A blood test may show which COVID-19 patients steroids will help — or harm

Treatment timing can dramatically lower risk of death or needing a ventilator, or raise it

COVID-19 patient receiving treatment

A COVID-19 patient gets treatment in the intensive care unit at United Memorial Medical Center in Houston. A simple blood test may help doctors decide who could benefit from treatment with steroids, lowering the risk of needing a ventilator or dying.

Stringer/Sputnik via AP

A cheap and easy blood test for inflammation may help determine which COVID-19 patients will benefit from getting steroids.

In an observational study of people hospitalized with COVID-19, those with high levels of an inflammation indicator called C-reactive protein in their blood had a reduced chance of dying or being put on a ventilator when treated with steroids. But steroid treatment more than doubled the risk of needing a ventilator or dying for people with low levels of the inflammation-indicating protein, researchers report July 22 in the Journal of Hospital Medicine

“Steroids are Goldilocks drugs: They need to be given at the just right time,” says Luis Ostrosky, an infectious diseases doctor at the University of Texas Health Science Center at Houston who was not involved with the work. Giving steroids too early may rein in the immune system too much so that it can’t effectively fight the coronavirus, leading to the virus doing more damage. And “if you give steroids too late, the damage is already done.”

Using C-reactive protein as guide “may be the key to starting [steroids] at the right time,” Ostrosky says.

A large clinical trial in the United Kingdom called the RECOVERY trial has shown that the steroid dexamethasone can reduce the risk of death among COVID-19 patients who need extra oxygen or who are on ventilators (SN: 6/16/20). In that study, there was no benefit — and maybe a hint of harm — for patients who don’t need extra oxygen to breathe.

The new results are in line with those from the RECOVERY trial and may help explain why some patients do better on steroids than others, Ostrosky says.

Shitij Arora, a hospital physician at Albert Einstein College of Medicine and Montefiore Medical Center in New York City, noticed in mid-March that some patients coming into the hospital with COVID-19 had intense inflammation in their lungs, while others didn’t. Arora treated a handful of patients who had lung inflammation with steroids and saw some of them dramatically improve.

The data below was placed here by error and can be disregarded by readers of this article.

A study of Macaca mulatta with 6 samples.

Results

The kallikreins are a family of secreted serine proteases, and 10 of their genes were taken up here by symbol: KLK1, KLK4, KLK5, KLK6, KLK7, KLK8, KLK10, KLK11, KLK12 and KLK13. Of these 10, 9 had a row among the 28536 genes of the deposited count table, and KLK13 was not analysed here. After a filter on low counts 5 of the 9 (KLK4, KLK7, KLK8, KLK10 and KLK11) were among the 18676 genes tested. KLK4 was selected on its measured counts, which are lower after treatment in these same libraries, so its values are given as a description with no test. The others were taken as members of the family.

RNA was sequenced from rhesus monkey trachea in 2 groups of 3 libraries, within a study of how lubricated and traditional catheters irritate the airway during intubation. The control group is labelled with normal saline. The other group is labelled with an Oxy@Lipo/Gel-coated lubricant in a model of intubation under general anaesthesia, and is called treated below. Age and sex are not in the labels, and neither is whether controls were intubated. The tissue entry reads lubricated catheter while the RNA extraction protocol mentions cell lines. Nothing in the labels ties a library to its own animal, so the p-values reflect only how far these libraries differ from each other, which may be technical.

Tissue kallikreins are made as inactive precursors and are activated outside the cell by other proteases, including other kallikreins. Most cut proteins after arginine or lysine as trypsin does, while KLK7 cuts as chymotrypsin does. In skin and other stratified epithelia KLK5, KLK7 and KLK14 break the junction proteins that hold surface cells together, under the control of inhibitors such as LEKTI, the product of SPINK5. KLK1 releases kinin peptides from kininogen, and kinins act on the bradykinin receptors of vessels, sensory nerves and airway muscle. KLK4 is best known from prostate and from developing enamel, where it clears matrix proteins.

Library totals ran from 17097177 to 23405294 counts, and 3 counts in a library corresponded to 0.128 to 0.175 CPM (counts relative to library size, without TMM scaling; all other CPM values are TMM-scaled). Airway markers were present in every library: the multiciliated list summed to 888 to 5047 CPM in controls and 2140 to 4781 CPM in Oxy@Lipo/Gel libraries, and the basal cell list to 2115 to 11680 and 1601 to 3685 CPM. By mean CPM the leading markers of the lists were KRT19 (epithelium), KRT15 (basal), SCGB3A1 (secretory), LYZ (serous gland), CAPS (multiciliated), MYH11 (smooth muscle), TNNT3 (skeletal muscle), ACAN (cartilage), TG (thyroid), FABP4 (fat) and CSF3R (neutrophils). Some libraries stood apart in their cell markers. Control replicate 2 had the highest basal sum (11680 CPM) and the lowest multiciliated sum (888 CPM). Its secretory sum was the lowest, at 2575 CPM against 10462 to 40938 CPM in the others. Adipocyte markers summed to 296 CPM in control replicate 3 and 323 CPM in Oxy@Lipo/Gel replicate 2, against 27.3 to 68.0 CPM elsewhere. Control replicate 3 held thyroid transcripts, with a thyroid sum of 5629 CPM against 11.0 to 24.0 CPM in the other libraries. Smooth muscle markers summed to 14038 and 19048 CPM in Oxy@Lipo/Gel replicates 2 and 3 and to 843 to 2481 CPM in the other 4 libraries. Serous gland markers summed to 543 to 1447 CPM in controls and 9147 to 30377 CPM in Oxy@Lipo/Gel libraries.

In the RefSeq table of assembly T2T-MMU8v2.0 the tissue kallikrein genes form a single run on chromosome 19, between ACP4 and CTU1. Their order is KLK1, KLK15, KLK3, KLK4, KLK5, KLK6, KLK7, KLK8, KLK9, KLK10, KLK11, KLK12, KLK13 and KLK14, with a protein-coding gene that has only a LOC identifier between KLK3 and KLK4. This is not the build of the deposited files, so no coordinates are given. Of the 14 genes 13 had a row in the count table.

“Of course, that’s not a study. They’re anecdotes,” says William Southern, chief of the division of hospital medicine at Einstein and Montefiore. That was before dexamethasone had been shown to be helpful and after a study in China suggested COVID-19 patients might be harmed by steroids.

Some other doctors at the medical center were also prescribing steroids — usually prednisone, but sometimes methylprednisolone or dexamethasone — for some patients. So Southern, Arora and colleagues put together an observational study to see how COVID-19 patients fared when put on steroids.

Arora hypothesized that a test for C-reactive protein might help doctors figure out which patients would benefit most. “It’s a cheap $20 test,” he says. Doctors started measuring the inflammation marker in the hospitals’ COVID-19 patients’ blood.

Among 1,806 patients in the study admitted to Montefiore’s four hospitals from March 11 to April 13, 140 were prescribed steroids. In 198 patients with levels of C-reactive protein of 20 milligrams per deciliter of blood or higher, steroid use reduced the chance of going a ventilator or dying by 77 percent, compared with those not taking the drugs. But in people whose C-reactive protein levels were 10mg/dL or lower, steroids increased the chance of death or ventilation by 2.64 to 3.14 times compared with those not taking the drug.

“Steroids are not appropriate for all. It’s just as important to avoid giving steroids to the people who may be harmed as it is to give steroids that may benefit,” Southern says.

The researchers plan to use data collected in this study to determine whether tracking levels of C-reactive protein can also predict whether patients are recovering.

Tina Hesman Saey is the senior staff writer and reports on molecular biology. She has a Ph.D. in molecular genetics from Washington University in St. Louis and a master’s degree in science journalism from Boston University.